Palmer Land Trust (PLT), along with the Gold Belt Byway Association, Great Outdoors Colorado, Gates Family Foundation, and Natural Resources Conservation Service teamed up to protect the Larsen Ranch. This effort is part of a larger conservation initiative centered on land protection along the Gold Belt Tour National Scenic Byway, one of two national scenic byways with federally-funded conservation plans in Colorado; the other is the San Juan Skyway.
The Larsen Ranch offers stunning views of Pikes Peak and a number of exfoliation domes, including Dome Rock and Dogs Head. The property is actively ranched and is part of an historic ranching area, which today is experiencing heavy development and subdivision pressure. The property contains excellent wildlife habitat, senior water rights, and is adjacent to a large, contiguous conglomeration of protected private and public lands. Two different legs of the byway (Teller County Road 1 and Teller County Road 11) converge near the northern tip of the Larsen Ranch, lining the property on both its east and west sides. Because it is bound by two legs of the byway, it is one of the most visible properties along the Gold Belt.
Multiple conservation easement protected properties and public properties link together with the Larsen Ranch to create a contiguous, ecologically diverse 110,000-acre landscape. The property rests immediately adjacent to a Teller County park and other PLT protected private properties. These private properties connect the Larsen Ranch to Mueller State Park and Dome Rock State Wildlife Area, which encompass over 12,000 acres. Over 240,000 people visit these state lands, many of whom look onto the Larsen Ranch from the summit of Dome Rock. Over 90,000 acres of Pike National Forest and Bureau of Land Management property adjoin Mueller State Park to the east and south. To the north, but not contiguous with the Larsen Ranch, is the 6,000-acre Florissant Fossil Beds National Monument.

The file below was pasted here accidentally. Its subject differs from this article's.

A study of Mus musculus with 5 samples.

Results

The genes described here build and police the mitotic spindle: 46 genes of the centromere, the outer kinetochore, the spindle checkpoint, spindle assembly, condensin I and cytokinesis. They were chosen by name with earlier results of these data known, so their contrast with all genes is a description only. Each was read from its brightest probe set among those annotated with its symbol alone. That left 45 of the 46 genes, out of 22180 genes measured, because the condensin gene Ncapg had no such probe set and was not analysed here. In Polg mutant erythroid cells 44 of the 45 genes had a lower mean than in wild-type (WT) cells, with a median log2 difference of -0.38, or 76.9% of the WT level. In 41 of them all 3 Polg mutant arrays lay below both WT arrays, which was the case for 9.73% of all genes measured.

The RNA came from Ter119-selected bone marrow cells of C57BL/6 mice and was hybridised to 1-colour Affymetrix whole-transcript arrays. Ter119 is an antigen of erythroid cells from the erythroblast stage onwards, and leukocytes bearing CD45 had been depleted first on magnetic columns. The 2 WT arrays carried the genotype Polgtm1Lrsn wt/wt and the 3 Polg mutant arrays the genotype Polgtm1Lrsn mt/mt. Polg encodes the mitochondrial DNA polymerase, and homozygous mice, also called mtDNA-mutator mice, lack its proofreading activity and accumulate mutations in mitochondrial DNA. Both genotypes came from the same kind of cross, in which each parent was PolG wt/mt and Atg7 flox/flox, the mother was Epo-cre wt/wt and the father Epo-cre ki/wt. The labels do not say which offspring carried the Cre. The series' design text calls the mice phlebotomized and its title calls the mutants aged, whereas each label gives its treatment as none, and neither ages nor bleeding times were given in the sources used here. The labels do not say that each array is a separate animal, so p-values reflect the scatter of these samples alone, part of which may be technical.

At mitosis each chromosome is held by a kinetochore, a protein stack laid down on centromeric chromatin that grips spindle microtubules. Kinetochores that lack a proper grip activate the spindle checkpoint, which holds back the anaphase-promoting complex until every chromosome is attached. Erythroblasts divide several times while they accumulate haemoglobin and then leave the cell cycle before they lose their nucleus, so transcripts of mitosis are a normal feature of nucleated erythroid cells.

The Larsen Ranch possesses important, unique natural habitat for wildlife. Two creeks – Fourmile Creek and Hay Creek – run directly through the property, carving their way down towards the Arkansas River. Over one hundred species of birds and multiple species of mammals, reptiles, and amphibians rely on these sources of water for migration corridors and domicile.